John Dryden (1631-1700)
Both Absalom and Achitophel and Mac Flecknoe are famous satires, but whereas the former is a political satire, the letter is both a personal and literary satire. Absalom and Achitophel is the most powerful satire in the English language. Taking the biblical story of David and Absalom, he uses it to ridicule the Whig party and also to revenge himself upon his enemies. Praising this political satire, A.W. Ward writes, "Absalom and Achitophel remains the greatest political satire in our literature, partly because it is frankly political and not intended, like Hudibras, by means of a mass of accumulated detail to convey a general impression of the vices and follies, defect and extravagances, of a particular section or particular section of the nation. With Dryden every hit is calculated, and every stroke goes home; in each character brought on the scene, those features are only selected for exposure on the praise which are of direct significance for the purpose in hand."
Mac Flecknoe is a personal satire. In Mac Flecknoe there is no single reference to the bitter political controversy of the time, nor even to the medal bearing Shaftesbury's image. Only the political and dramatic activities of Shadwell are mentioned, and his corpulent person is made fun of. Dryden presents Shadwell as a dull poetaster, an idiot who is shorn of all abilities for composing fine dramas. Dryden exposes the dramatic skill of Shadwell by saying that his comedies make the readers weep and his tragedies create laughter.
Absalom and Achitophel is a longer poem than Mac Flecknoe and whereas only two characters, Mac Flecknoe and Flecknoe, bear the brunt of his satirical shafts in Mac Flecknoe, a number of characters are satirized in Absalom and Achitophel. In both these poems the characters are indirectly named. In Absalom and Achitophel Charles II appeared as King David, Duke Monmouth as Absalom, Shaftsbury as Achitophel and the Duke Buckingham as Zimri. In Mac Flecknoe Flecknoe is Richard Flecknoe, an Irish poet, and Mac Flecknoe is no other than Thomas Shadwell (1642- 92).
In Absalom and Acltophel Dryden mirrors the English life of the time, in a vigorous manner. The Whig leaders are mercilessly subjected to satire. But Mac Flecknoe is not of temporal or local interests, and the portrait of Shadwell is both typical and individual so that the satire becomes a defamation against vice and folly in the abstract". Moreover, Mac Flecknoe is not as biting in effect as Absalom and Achitophel is. In Mac Flecknoe Dryden sank the greater part of his resentment in the humor of the conception and the reader enjoys the fun without thinking much of its application to an individual. He laughs in pure amusement, and only with an effort realizes what it meant to the subject of the satire.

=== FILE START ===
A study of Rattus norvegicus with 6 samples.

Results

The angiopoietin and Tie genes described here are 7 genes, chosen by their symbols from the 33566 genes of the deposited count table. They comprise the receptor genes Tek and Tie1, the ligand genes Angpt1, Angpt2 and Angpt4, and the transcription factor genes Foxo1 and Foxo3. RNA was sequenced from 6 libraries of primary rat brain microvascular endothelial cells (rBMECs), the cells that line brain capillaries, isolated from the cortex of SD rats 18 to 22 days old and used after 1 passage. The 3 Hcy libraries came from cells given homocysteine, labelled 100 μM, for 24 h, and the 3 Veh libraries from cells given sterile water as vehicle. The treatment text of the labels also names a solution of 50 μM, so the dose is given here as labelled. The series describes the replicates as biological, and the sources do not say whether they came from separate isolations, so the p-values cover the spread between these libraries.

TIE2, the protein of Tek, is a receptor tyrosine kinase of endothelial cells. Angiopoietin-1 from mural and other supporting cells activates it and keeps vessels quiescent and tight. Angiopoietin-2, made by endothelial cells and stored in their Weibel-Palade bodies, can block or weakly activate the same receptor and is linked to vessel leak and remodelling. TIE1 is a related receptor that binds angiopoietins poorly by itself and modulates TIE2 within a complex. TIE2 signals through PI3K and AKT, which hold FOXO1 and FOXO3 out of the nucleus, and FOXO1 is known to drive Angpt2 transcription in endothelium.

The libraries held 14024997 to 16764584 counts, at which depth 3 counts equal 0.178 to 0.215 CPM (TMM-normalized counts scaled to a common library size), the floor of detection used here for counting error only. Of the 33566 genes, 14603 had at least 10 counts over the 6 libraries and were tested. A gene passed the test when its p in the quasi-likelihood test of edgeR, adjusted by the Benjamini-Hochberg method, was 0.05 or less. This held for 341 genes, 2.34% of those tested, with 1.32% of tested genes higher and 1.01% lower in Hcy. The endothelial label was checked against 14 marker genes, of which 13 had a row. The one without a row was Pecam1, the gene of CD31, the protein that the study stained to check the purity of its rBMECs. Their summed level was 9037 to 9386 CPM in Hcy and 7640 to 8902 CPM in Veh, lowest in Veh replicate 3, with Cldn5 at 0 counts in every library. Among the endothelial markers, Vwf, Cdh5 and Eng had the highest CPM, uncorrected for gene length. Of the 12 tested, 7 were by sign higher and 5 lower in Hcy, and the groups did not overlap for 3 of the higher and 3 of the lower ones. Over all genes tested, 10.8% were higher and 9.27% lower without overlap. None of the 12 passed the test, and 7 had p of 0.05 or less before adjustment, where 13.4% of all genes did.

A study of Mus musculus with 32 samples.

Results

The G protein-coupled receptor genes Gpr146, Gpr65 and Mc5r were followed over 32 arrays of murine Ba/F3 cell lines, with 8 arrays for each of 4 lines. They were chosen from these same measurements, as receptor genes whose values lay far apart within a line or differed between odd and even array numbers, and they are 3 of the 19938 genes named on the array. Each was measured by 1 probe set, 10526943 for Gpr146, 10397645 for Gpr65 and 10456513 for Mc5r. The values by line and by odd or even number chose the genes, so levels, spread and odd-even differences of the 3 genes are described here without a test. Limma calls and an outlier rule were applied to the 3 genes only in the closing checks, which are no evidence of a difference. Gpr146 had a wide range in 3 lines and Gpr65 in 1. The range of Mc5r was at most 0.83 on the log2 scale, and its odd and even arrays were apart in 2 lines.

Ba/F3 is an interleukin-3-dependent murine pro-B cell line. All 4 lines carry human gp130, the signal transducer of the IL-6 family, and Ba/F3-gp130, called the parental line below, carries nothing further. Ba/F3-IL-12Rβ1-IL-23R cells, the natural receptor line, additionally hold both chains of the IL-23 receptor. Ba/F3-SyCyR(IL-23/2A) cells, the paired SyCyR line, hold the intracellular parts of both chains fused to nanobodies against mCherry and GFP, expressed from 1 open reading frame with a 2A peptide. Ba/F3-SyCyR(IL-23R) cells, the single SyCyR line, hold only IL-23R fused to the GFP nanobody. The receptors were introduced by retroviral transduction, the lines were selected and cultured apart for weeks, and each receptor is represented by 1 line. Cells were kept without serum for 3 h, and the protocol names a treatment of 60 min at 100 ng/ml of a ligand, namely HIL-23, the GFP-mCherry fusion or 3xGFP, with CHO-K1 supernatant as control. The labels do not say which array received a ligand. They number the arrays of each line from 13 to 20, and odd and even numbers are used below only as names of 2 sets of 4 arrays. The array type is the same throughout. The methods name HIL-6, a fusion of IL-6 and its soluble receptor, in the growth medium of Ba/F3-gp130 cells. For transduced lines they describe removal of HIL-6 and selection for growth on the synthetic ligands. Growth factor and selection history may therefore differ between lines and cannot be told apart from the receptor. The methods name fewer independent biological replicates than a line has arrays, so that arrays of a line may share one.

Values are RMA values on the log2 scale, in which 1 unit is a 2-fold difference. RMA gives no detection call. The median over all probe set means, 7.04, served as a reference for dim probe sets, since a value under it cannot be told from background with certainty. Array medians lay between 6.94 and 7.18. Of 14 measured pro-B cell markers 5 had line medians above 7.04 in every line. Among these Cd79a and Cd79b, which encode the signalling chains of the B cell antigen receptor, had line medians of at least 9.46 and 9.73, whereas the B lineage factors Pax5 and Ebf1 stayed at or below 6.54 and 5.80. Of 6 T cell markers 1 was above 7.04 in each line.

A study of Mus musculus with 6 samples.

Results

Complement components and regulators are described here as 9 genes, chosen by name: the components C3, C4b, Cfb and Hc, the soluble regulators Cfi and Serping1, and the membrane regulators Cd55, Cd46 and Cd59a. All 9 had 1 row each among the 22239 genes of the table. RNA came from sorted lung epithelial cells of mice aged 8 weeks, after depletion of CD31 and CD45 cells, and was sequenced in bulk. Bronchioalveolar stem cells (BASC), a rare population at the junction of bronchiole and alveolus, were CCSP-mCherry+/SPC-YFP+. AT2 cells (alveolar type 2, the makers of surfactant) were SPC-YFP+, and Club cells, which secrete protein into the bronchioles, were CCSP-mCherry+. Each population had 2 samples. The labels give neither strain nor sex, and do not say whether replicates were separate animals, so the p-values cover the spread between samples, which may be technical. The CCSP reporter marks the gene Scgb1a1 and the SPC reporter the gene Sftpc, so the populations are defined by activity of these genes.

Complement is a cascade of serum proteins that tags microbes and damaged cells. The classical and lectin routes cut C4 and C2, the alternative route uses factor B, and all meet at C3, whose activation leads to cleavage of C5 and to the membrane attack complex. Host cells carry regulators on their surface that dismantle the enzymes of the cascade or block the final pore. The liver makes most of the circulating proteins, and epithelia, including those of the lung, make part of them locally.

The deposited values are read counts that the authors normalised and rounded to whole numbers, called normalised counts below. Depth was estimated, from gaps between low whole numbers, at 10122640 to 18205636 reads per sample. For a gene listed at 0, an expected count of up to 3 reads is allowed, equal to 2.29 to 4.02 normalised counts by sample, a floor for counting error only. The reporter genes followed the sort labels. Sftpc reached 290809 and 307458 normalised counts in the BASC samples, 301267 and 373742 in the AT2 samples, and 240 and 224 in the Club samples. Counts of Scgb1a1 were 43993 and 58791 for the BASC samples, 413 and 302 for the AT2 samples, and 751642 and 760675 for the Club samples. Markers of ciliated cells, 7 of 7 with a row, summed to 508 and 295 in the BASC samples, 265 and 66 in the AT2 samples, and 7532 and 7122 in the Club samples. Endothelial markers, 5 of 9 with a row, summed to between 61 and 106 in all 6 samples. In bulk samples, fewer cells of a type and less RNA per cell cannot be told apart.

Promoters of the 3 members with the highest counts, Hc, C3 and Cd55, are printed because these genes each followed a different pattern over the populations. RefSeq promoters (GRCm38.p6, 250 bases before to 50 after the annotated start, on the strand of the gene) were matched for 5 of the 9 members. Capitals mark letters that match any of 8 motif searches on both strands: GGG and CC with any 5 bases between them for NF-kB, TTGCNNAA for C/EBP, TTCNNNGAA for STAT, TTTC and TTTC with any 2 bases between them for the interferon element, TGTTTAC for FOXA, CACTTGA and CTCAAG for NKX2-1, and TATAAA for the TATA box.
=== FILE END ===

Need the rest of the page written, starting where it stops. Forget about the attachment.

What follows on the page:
Mac Flecknoe is a mock-heroic poem. It inspired Pope in writing both The Rape of the Lock and The Dunciad. Praising the mock heroic element in Mac Flecknoe T.S. Eliot writes, "The piece of Dryden's which is the most fun, which is the most sustained display of surprise after surprise of wit from line to line is Mac Flecknoe. Dryden's method here is something very near to parody; he applies vocabulary, images and ceremony, which arouse epic associations of grandeur, to make an enemy helplessly ridiculous. But the effect, though disastrous for the enemy, is very different from that of humor which merely belittles, such as the satire, of Mark Twain, Dryden continually enhances, he makes his object great in a way contrary to expectation; and the total effect is due to the transformation of the ridiculous into poetry."
Both Absalom and Achitophel and Mac Flecknoe are written in the heroic couplet. Though Mac Flecknoe has its own place among Dryden's masterpieces in English satirical poetry, it gives way to Absalom and Achitophel which has been praised by Saintsbury in these words: "There has been nothing in the least like this before. The prodigality of irony, the sting in the tail of every couplet, the ingenuity by which odious charges are made against the victim in the very words almost of the phrases which his party were accustomed to employ, and above all the polish of the language and the verse, and the tone of half-condescending banter, were thing of which that time had no experience. The satire was as bitter as Butler's but less grotesque and less laboured."